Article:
What is a Trigger Finger?
A Trigger Finger is when your finger gets stuck in a bent position. It is also known as Stenosing Tenosynovitis.
The tendon is a band of tissue that attaches the muscle to the bone. In the hand, tendons and muscles work together to bend and straighten the fingers. Usually the tendons slide easily through a tunnel of tissue called a sheath.
The sheath keeps the tendons in place beside the bones of the finger. A Trigger Finger means the tendon has become irritated and swollen and can no longer easily slide through it’s sheath. A bump (nodule) may also form on the tendon, which makes it even more difficult for the tendon to slide through it’s sheath. So the tendon gets stuck and also the finger.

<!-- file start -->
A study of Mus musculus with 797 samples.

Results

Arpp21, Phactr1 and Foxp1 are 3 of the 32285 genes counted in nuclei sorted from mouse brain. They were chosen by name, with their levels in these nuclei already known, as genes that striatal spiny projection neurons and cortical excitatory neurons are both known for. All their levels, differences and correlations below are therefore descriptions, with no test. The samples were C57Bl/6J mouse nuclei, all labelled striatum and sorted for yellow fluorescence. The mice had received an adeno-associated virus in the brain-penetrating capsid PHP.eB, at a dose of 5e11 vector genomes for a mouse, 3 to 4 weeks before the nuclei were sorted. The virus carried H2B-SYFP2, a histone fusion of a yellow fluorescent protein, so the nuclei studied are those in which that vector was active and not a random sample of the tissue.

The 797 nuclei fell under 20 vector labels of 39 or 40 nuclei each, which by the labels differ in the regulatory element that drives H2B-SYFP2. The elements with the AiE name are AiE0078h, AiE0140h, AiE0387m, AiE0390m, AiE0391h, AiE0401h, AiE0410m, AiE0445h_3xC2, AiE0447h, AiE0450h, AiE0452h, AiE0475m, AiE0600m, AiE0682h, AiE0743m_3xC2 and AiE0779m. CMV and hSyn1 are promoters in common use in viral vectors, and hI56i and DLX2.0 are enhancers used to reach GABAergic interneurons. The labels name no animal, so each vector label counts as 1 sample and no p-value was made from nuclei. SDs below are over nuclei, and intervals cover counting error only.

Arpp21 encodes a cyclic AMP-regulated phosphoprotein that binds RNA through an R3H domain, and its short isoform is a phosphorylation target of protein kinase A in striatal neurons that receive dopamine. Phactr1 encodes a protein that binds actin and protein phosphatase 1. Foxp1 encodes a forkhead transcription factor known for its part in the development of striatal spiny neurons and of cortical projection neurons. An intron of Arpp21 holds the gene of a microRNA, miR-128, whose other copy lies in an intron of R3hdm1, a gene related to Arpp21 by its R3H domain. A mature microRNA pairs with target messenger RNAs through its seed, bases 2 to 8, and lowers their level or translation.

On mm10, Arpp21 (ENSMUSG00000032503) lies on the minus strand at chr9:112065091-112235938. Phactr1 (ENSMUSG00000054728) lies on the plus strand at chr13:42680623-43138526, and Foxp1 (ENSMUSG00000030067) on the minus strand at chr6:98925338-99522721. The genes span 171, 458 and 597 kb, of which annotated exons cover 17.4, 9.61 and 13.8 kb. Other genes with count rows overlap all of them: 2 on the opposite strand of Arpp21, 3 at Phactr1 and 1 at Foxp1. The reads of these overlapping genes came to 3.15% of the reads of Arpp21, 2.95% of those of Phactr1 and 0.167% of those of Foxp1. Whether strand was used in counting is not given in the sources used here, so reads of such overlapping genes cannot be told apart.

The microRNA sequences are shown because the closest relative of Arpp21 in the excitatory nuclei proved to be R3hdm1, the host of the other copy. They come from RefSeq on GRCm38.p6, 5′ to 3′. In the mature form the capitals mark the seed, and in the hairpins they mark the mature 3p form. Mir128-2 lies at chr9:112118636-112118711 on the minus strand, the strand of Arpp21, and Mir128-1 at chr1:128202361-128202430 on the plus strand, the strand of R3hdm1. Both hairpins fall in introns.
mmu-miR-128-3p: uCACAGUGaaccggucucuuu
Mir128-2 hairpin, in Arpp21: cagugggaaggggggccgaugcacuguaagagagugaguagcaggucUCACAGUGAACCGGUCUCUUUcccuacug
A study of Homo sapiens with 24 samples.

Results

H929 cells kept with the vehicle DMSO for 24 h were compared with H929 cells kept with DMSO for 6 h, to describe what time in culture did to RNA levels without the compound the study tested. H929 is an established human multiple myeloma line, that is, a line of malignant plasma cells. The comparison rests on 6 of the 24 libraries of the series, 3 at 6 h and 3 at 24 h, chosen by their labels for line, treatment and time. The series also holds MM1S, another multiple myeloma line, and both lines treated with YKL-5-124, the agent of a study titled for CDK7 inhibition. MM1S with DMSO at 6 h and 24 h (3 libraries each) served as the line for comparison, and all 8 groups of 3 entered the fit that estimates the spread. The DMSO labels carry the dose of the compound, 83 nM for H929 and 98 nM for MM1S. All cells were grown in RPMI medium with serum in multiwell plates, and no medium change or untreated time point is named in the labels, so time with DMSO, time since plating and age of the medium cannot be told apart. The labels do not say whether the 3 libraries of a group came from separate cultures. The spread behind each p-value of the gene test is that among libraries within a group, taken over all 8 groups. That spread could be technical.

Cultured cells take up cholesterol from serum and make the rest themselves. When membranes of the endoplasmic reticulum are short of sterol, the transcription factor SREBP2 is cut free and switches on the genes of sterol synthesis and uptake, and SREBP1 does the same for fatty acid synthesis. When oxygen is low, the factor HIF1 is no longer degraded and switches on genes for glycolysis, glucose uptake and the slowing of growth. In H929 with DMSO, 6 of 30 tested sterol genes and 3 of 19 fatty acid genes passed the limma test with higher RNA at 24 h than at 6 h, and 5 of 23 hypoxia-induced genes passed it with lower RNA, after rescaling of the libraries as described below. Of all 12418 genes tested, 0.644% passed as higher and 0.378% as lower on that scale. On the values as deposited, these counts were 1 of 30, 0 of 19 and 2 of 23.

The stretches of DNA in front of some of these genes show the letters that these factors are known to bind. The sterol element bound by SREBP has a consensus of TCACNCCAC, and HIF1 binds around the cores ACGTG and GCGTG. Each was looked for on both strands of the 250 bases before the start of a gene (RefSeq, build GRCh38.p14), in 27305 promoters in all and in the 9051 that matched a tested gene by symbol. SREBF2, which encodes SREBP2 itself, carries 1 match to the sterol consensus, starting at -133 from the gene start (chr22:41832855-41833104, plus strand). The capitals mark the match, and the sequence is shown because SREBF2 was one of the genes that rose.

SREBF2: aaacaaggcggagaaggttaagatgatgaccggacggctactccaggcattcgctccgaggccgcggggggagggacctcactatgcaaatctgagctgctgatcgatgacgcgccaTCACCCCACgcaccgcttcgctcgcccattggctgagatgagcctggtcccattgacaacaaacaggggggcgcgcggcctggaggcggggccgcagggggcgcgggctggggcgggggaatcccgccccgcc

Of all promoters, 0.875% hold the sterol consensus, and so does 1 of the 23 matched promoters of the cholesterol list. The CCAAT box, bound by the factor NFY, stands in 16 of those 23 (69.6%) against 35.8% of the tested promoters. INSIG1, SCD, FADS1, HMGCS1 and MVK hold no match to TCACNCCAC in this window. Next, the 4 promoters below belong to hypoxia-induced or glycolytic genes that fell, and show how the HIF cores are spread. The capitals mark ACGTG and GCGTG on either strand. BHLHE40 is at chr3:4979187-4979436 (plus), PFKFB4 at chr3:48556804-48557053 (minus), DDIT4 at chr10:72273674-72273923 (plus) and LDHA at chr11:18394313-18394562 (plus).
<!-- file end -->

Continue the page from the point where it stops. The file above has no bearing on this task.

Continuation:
Pain and stiffness when bending the finger
A snapping or popping sensation when moving the finger
Swelling or tender lump in the palm of the hand
Locking of the finger in the bent position (in severe cases) and the finger must be gently straightened with the help of the other hand
Inability to fully bend the finger
The stiffness and bent position of the finger is worse in the morning and lessens as the finger is used
Resting the finger, Using a splint,
Limiting activities, Medications like anti-inflammatories and sometimes a steroid injection.
Surgery may be needed if this does not help. A cut is made in the sheath through which the tendons pass. This is done under local anaesthetic. Cutting the sheath widens the space around the tendon and lets it move freely again.